The directorial teaming of Yuen Kwai and David Lai managed to create a definite cult hit with ‘Saviour Of The Soul’. It combined a unique visual style with exciting action and goofy comedy – this proving to be a successful blend. The partnership then subjected audiences to a dreadful sequel before returning with this action comedy. ‘Mahjong Dragon’ seeks to combine the popular elements of the gambling film with the differing talents of Vincent Zhao and Joesphine Siao. The result is the ultimate ‘mixed bag’.
Mainland gambler ‘Quick Hands’ (Vincent Zhao) is well known for his gambling skills and his fighting ability. After completing a prison sentence for the murder of a vicious rival, Quick Hands seeks a way out of the cut-throat world of the triads. Unfortunately he has a new enemy on the scene who wants to make use of his powers and rule the underworld. Entering this world is a gambling-obsessed, debt-ridden policewoman (Siao) who has come to the Mainland looking for a husband. Seeing the opportunity to gain a vital passport, Quick Hands decides to apply for the position and therefore travels with his new wife to Hong Kong. His new wife is under no illusions as to his intentions, but agrees to get him a passport in exchange for his help on the gambling circuit. Their relationship is complicated when both acquire admirers; a local villager takes an interest in her and the villager’s niece takes a shine to him. Then there’s the small matter of Quick Hands’ nemesis who arrives in Hong Kong looking for the couple. Throw some young triad youths into the blend and all is set for a climax where all the loose ends are finally tied up.
It’s hard to think of a film that attempts to mix so many elements together, trying to please just about every potential viewer. Sadly this desire to attract every kind of audience means that it very rarely hits any of its targets properly. There’s the straight-forward gambling narrative, the comedic love story between Siao and Ko, the dramatic love story between Zhao and Lam, the redemption of the local triad youth and finally the typical revenge plot which culminates in the final fight between Zhao and Lo. With all of this in one film, it’s inevitable that none of the story’s threads are well enough developed to hold sustained interest. The comedy is obviously forced and often too heavy-handed to raise even the most sympathetic of smiles and the drama is awkwardly shoe-horned in by the directors. In fact Kwai and Lai appear to be pulling in very different directions in the making of this film; it’s hard to guess exactly which way the viewer is supposed to take this. The result of this indecision means that, even at just over 90 minutes, the course of ‘Mahjong Dragon’ runs far from smoothly.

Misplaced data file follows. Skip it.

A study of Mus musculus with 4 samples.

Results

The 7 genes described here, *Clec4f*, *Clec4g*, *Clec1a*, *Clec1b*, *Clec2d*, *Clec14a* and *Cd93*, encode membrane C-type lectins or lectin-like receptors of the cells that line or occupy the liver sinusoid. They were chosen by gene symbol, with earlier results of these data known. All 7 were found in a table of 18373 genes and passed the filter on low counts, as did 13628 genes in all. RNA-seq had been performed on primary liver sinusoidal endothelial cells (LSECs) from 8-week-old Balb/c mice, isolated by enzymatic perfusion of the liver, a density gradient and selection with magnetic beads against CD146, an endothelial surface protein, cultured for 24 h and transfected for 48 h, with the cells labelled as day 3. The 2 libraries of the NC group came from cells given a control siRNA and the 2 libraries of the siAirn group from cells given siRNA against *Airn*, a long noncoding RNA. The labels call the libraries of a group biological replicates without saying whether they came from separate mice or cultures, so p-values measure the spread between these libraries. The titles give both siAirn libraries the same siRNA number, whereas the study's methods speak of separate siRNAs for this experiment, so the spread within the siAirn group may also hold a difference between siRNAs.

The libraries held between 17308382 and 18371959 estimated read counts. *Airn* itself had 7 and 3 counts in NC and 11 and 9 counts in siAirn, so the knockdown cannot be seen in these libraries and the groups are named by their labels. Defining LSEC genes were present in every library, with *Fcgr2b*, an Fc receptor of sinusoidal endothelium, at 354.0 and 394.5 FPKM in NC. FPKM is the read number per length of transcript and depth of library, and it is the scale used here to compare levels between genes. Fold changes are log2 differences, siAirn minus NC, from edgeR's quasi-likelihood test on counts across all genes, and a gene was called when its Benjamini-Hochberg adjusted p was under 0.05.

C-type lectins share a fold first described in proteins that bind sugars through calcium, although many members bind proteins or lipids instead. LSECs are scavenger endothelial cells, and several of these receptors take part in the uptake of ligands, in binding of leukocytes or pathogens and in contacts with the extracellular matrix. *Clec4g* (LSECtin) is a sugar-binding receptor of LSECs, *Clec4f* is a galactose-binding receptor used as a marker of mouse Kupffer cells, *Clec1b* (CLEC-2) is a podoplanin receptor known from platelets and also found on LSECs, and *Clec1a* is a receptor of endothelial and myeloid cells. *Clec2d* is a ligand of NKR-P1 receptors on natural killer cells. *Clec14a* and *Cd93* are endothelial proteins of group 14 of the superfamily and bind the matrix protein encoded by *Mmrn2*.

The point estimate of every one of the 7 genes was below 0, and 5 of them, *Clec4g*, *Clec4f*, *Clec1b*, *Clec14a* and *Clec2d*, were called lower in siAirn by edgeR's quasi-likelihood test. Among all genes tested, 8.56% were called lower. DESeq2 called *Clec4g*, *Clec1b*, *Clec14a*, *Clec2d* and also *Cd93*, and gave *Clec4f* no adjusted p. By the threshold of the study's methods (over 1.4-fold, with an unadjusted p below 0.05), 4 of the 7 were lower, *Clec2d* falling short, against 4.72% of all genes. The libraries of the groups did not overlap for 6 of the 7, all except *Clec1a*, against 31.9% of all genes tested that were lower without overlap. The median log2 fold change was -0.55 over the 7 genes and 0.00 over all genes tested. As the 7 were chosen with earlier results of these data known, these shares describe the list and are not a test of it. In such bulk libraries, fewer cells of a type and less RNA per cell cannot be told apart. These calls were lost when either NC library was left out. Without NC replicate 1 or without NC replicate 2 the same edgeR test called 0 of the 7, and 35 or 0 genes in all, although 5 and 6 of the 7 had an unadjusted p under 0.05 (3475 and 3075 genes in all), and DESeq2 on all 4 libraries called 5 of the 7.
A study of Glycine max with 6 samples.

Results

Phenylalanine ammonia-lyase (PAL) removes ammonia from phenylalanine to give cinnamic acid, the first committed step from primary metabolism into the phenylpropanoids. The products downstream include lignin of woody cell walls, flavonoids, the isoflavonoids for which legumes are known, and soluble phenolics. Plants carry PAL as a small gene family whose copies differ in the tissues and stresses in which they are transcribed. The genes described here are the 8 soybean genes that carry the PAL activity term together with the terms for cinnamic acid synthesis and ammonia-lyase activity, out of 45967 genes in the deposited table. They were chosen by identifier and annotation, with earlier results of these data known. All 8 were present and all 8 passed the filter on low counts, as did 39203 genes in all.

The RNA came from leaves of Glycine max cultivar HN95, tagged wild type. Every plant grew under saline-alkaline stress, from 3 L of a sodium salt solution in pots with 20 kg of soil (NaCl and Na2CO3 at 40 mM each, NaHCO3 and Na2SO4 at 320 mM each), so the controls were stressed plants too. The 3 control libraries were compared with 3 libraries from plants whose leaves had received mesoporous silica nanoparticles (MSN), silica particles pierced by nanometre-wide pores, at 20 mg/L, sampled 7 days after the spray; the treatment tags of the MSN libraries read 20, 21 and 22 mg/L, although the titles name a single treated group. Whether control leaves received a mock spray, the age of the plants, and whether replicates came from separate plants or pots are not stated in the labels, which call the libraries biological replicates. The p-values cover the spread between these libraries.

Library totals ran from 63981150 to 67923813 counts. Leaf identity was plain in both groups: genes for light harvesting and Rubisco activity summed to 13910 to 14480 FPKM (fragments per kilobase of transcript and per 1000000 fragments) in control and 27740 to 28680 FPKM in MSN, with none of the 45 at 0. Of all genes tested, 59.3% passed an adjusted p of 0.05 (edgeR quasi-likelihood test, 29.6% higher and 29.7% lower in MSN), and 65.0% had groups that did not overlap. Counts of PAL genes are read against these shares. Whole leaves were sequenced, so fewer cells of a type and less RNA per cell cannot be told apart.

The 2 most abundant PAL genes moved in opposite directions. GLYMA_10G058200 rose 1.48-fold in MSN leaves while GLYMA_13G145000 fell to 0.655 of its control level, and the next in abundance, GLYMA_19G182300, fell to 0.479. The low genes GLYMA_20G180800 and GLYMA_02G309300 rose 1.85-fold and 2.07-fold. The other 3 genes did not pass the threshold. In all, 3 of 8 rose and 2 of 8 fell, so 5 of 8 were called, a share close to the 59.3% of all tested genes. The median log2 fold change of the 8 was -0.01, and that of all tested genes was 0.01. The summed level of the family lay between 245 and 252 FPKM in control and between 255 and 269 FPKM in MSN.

Thankfully for fans of the stars, there are enough reasons to still watch this. It’s certainly an unremarkable effort, but Josephine Siao and Vincent Zhao are again a joy to watch – for very different reasons. Siao savours another comic performance along the same lines as her role in ‘Fong Sai Yuk’; she is again playing a character who elicits sympathy even though she’s on the edge of sanity. Zhao’s Jet Li-esque aptitude is highly entertaining to watch and electrifies the screen when given the chance. His closing battle against Ken Lo is easily the film’s main highlight and will please fans of Yuen Kwai’s exciting choreography.
‘Mahjong Dragon’ offers a widely inconsistent action fix. While it may never fully please anyone, such is its very confusing nature, it is still a fair diversion.